New credit reporting system to benefit prudent investors

New credit reporting system to benefit prudent investors

Posted on Monday, March 10 2014 at 2:03 PM

The majority of people should benefit from a new credit reporting system, which takes effect this week, according to Smartline Personal Mortgage Advisers.

Michael Daniels says those who manage their money well are more likely to be
rewarded with lower finance costs.

The changes to
the Privacy Act
on March 12 mean there will now be increased transparency with the new
comprehensive credit reporting system and it should allow lenders to offer more
attractive terms to those customers deemed to be a low risk.

It will see
Australia move from the existing ‘negative’ credit reporting system, which
means only negative information about credit history, such as defaults and
bankruptcies, and applications for credit can be reported.

The more detailed
information that will increasingly be available will allow credit providers to
access more comprehensive information, that should assist them to make better
lending decisions, according to Daniels.

“This means they
can make better informed decisions about an individual’s financial situation
and the likelihood of them not meeting their obligations,” Daniels says.

“Those who are
viewed as not being a strong manager of their money will most likely either
find it harder to access funds and/or pay a premium in the form of higher

“With access to
much more detailed information about a person’s management of their debt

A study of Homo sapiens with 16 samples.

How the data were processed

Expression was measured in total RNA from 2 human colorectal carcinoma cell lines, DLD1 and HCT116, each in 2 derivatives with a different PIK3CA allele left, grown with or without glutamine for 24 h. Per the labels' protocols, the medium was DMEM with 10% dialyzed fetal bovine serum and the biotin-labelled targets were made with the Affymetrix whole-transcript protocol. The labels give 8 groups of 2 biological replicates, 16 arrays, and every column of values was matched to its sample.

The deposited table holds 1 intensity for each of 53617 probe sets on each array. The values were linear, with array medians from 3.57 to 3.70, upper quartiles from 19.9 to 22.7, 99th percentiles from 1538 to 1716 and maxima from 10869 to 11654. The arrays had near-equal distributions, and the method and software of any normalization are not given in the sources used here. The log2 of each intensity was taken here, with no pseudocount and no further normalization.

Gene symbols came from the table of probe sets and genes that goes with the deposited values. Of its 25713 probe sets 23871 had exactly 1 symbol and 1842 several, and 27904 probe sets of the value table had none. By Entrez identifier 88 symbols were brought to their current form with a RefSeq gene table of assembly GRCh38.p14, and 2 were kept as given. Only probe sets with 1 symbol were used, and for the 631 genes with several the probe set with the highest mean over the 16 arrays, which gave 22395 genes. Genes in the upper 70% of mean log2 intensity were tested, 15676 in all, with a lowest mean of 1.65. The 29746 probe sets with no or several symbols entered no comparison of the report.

obligations, it makes sense that lenders should be able to provide money to
those who manage their money well at a cheaper rate.”


The main changes

about your monthly repayment conduct and whether or not you have paid on time
over the past two years can now be reported.

you apply for credit, the decision to decline or approve it by the credit
provider can now be reported.

current limit on all of your credit cards can now be reported.

repayment term and repayment type on all of your credit facilities can now be

credit provider can now also provide an opinion that you have fraudulently
attempted to get credit.

defaults can be lodged on any outstanding amounts over $150.


However, not
everyone is happy about the changes.

National manager
of Property Club, Troy Gunasekera, says additional information on credit
reports might go too far.

“Australians who
have missed bill payments in the past, even those less than one week late, may
be at a disadvantage when it comes to the loan approvals process, giving the
impression to lenders that they’re likely to miss payments on the due date in
the future,” he says.

consumers with a good credit history are more likely to be offered lower rates
of interest on home loans and credit cards, it’s worrying that consumers who
have experienced repayment difficulties in the past may be assessed as higher
risk and incur higher rates of interest as a result, making it even harder for
these consumers to stay on top of their financial obligations.”